From the Field to the Classroom

TV Studio Students & Faculty

Tune in to NBC10 Philadelphia on Monday afternoons and chances are you’ll find reporter Tim Furlong live on the scene of one of the day’s big news stories.

But by 6:30 p.m., Furlong is in Widener’s state-of-the-art television studio teaching the next generation of journalists and media professionals how to polish their broadcast writing and production skills and perfect their on-camera presence.

Furlong’s instruction is regularly infused with examples from his on-the-job experiences of hours earlier, making his teaching not just real-life, but nearly real-time.

“I often talk about my experiences of that day – how it worked, what was the process,” he said. “It’s 100 percent real-world, happening-that-day kind-of-stuff.”

Furlong’s industry connections have also helped open the door for several of his communications studies students to intern or work at NBC10, launching their careers.

Amanda Lojewski ’18 landed a job there as a production assistant following graduation. Today she’s a reporter/multimedia journalist for WAOW News 9 in Wisconsin.

In class, Tim was so open to share his experiences so we can learn from him. He was literally doing what I wanted to be doing in my future. I could ask all the questions I had, build that friendship, and have that connection. Everything he taught me in class and outside of the classroom I use every day in my job. — Amanda Lojewski '18

Furlong is one of numerous Widener faculty – across the academic disciplines – who keep one foot in their fields and one foot in the classroom as they help prepare the next generation of professionals. This dual role offers Widener students invaluable real-world experiences and connections as they learn alongside professors who are also industry leaders.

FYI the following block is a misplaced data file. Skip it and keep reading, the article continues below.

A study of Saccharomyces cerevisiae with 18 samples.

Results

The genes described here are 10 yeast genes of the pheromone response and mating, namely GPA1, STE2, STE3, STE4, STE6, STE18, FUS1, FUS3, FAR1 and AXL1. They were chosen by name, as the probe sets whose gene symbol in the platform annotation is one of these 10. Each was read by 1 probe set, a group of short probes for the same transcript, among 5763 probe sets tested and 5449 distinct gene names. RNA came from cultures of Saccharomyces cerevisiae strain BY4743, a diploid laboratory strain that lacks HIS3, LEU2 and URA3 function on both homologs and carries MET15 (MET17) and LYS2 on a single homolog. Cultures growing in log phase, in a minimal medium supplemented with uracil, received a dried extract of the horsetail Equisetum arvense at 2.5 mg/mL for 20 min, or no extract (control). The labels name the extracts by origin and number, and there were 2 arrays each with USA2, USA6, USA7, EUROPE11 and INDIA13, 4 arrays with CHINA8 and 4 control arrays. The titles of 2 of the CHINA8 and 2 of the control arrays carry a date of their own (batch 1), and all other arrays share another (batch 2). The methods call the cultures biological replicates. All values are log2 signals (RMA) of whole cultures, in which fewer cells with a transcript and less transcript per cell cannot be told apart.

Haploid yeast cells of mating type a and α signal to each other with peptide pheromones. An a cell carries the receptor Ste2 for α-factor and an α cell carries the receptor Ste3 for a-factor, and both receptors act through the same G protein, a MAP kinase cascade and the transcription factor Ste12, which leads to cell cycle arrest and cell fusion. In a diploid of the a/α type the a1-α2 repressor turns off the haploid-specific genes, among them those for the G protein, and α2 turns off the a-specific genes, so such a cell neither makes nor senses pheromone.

Acute care nurse practitioner Mary Francis divides her time between a local hospital trauma department and Widener’s School of Nursing, where the assistant professor teaches pathopharmacology and medical-surgical courses.

Francis is a consummate teacher. Even in the hospital, she takes new nurses under her wings to help them transition to the job. And at Widener, “my students like my authenticity, the real-world cases I bring to class. They hear and see what I get to hear and see.”

Nursing major Cera Connelly ’19 says these real-world cases are more relatable and “aid the learning experience for us as students, making it simpler to understand and grasp difficult concepts that will help us succeed in clinical settings and on exams crucial to our acceleration in the program.”

By day, Dr. Mary Rourke is an associate professor of clinical psychology, teaching and advising Widener doctoral students. By night and weekend, she’s a practicing family therapist and co-founder and co-director of Dragonfly Psychological Associates, a thriving private practice.

Continuing clinical work keeps Rourke fresh in an ever-changing field, and offers her students the perspective of what it takes to run a private practice. The trends she observes in the clinical setting even help inform her students’ research topics.

“My teaching is stronger because I’m a clinician. And my practice is stronger because I’m a teacher. I learn so much in the classroom,” said Rourke. “They don’t feel like separate jobs to me.”

Rourke has actually chosen to integrate these two worlds in a more intentional way. Dragonfly routinely accepts Widener students for their practicum or post-doctoral work. In this way, Rourke’s students gain the field experiences they need for their careers, and she has a chance to further mentor and direct their training beyond the classroom setting.

And this pipeline has led many Widener graduates to Dragonfly full time. Today, 90 percent of the clinicians working there are alumni.

Among them is psychologist Lauren Perovich ’17, who specializes in helping children with ADHD. At Dragonfly, she also supervises a current Widener practicum student, and is back at the university to teach part-time.

“The Widener faculty, and Mary specifically, takes this really important developmental perspective in the training of clinicians. I definitely felt that and it’s fostered me and helped me grow,” said Perovich. “Now I’m reflecting on that experience to help the next generation.”